University of Valencia logo Logo Libraries and Documentation Service Logo del portal

Joan Lluís Vives (Valencia, 1493-Brujas, 1540)

Estàtua de Lluís Vives

Lluís Vives was one of the most prominent humanists and philosophers of the Renaissance. He was born in Valencia in a well-off family of converted Jews. At the age of 15, he went to study at the Universitat de València-Estudi General.

In 1509 he went to Paris to improve and extend his knowledge at the Sorbonne University, which gathered many students from Aragon and Catalonia, and where many Spanish professors taught. He achieved a doctoral degree in 1512 and moved to Bruges, in Belgium, home to many Valencian merchant families.

In the summer of 1523 he moved to England, where he was appointed lecturer at the Corpus Christi College by Cardinal Wosley, which resulted in his appointment as Chancellor of King Henry VIII, hence fulfilling Vives’ wish to become part of a court, the only place where humanists could carry out properly their research tasks and teach the findings of their studies. There he found the great friendship of Thomas More.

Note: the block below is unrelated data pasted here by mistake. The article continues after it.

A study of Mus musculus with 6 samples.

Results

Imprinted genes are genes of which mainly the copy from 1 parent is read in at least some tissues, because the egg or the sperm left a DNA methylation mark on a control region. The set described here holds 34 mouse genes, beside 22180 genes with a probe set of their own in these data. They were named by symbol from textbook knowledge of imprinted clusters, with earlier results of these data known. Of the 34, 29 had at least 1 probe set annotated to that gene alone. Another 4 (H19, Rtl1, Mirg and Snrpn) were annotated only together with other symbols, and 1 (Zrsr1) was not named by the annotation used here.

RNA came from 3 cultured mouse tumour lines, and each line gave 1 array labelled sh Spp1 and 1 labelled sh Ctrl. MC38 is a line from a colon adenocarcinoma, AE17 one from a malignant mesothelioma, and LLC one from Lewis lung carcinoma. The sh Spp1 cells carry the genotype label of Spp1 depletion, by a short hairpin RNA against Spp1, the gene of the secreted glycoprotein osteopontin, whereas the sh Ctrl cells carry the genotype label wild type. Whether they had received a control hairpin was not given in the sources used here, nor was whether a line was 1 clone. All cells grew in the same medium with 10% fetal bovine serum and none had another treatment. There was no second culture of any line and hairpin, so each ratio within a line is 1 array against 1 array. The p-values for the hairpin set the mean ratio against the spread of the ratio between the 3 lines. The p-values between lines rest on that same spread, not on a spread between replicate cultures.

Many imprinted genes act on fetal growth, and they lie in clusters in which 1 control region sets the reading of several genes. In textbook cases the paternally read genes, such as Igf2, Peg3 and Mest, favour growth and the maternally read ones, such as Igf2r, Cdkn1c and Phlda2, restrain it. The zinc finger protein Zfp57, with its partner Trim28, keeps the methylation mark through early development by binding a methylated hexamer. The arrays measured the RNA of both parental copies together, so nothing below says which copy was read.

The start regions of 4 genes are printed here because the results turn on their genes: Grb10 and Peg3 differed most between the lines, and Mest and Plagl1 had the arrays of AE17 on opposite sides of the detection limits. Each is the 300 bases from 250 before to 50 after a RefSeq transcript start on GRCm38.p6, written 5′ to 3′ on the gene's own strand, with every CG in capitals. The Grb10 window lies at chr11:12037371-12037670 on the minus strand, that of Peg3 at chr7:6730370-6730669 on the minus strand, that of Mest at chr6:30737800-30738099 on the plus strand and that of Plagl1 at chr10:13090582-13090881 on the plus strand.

From May 1526 to April 1527, Vives remained in Bruges, where he spent his last years perfecting the humanistic culture of the Dukes of Mencia. He never returned to Valencia or any Spanish university.

His wrote around sixty works, all in Latin. The variety of his work and its innovative value reveals the great humanist worth of Lluís Vives, who focused on methodological problems, so he is mainly a pedagogue and a psychologist. In his treatise De anima et vita (On the soul and life), though following Aristotle and defending the immortality of the soul, he attributes to psychology the empirical study of spiritual processes. Because he studies the theory of affects, memory and association of ideas, he is considered as a precursor of the seventeenth-century anthropology and modern psychology.